Last week I was graced with the opportunity to witness Kevin Kline once again on the NYC stage. I had seen him in several Shakespeare plays at the Delacorte, but seeing him play Garry Essendine in Noel Coward’s “Present Laughter” was a treat like none other. Merely witnessing his comedic skill for 2-1/2 hours is worthwhile, so the fact that the production is excellent makes it even more so.
“Present Laughter” is simply pure joy.The play takes place over the course of four scenes in two acts covering roughly 10 days as Garry prepares to leave London to tour Africa with six plays in repertory. Garry is a West End actor living in London. He’s aging; he’s a womanizer; he’s clumsy; he’s flaky; but he’s quite lovable. His apartment is filled with antiques and paintings and he has employees and friends going in and out at all times, often too much for his own liking. They include his secretary, Monica Reed (played by Kristine Nielsen), and his wife, Liz (played by Kate Burton), who he is estranged from but also best friends with; and his close friends and professional associates, Henry Lyppiatt (played by Peter Francis James) and Morris Dixon (played by Reg Rogers). There are also one-night stands and women who are infatuated with him, like Daphne (played by Tedra Millan), aspiring playwrights like Roland Maule (played by Bhavesh Pate) and the wife of his friend Henry (played by Cobie Smulders). It’s truly a splendid ensemble, so very classy. They are group of true thespians and they are so very funny.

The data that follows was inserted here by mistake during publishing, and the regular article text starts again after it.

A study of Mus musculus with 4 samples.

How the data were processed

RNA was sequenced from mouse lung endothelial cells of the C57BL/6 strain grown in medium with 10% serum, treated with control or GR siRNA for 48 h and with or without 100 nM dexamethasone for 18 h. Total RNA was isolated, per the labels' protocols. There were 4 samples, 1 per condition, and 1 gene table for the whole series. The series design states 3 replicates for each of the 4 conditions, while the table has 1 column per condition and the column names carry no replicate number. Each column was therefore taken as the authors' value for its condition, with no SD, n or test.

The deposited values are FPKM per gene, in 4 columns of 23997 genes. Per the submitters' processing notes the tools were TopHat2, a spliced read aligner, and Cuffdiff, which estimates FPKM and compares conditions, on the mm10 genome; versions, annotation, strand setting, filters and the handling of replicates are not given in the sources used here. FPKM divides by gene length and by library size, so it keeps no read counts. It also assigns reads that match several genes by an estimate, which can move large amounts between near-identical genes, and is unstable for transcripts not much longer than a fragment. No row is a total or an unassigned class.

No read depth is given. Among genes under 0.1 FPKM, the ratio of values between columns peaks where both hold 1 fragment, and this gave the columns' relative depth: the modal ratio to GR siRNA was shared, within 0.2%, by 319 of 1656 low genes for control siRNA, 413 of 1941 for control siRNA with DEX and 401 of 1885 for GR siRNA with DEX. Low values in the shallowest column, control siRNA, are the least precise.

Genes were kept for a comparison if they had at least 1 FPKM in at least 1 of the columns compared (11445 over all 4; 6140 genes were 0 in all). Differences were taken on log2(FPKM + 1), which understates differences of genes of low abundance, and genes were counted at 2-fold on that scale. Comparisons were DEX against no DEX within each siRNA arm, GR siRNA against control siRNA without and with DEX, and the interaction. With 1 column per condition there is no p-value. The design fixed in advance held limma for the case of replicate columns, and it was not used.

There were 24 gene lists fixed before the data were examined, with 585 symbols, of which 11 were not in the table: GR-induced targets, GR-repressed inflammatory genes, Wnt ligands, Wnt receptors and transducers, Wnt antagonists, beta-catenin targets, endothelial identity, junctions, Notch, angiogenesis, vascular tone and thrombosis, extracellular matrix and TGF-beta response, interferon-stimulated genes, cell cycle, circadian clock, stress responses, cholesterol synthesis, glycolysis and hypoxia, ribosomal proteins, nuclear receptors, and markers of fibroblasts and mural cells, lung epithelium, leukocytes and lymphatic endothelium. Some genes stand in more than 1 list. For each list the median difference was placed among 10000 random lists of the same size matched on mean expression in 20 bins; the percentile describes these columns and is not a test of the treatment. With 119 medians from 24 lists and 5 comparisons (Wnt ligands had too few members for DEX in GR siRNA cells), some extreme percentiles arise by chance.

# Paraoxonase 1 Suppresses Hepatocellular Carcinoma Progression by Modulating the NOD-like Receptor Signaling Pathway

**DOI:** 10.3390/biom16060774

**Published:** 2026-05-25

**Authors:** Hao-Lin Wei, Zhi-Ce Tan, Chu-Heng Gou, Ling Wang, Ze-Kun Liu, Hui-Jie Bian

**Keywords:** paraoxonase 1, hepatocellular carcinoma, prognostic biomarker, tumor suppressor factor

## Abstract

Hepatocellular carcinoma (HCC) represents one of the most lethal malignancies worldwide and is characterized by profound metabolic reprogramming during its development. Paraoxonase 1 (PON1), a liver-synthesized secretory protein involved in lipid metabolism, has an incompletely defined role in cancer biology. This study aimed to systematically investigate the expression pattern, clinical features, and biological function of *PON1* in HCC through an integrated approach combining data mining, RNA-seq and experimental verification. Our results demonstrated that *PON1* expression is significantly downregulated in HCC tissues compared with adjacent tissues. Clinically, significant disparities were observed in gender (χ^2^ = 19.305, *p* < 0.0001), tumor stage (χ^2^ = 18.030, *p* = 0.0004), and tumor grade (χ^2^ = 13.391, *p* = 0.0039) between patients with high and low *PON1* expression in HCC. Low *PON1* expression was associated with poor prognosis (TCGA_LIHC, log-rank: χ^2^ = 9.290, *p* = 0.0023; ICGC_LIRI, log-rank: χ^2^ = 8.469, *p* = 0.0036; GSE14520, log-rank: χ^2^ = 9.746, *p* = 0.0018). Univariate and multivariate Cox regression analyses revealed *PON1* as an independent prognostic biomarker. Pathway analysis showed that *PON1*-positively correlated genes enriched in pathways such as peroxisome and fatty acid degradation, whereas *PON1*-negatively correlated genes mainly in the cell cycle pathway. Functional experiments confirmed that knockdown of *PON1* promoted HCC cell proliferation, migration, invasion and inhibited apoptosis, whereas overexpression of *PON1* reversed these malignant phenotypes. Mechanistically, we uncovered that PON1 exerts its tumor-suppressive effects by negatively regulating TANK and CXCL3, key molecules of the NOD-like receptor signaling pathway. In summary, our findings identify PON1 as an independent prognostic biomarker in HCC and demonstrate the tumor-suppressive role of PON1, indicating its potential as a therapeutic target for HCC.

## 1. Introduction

But it’s Kline’s comedic expertise and skill that guides them. “I’m always acting, watching myself go by,” he says to Daphne, and watching him is all the audience member can do. Well, it’s all I could do.
Mortiz von Stuelpnagel directs; David Zinn designed the set; the costumes are by Susan Hilferty. The result is a collective effort to bring back a classic play and they pull it off.
See “Present Laughter” soon. It must end in July. Tickets can be found here: http://www.laughteronbroadway.com.
Disclosure: I was given tickets to facilitate this review and another on New York Family (stay tuned for that), but all opinions are my own.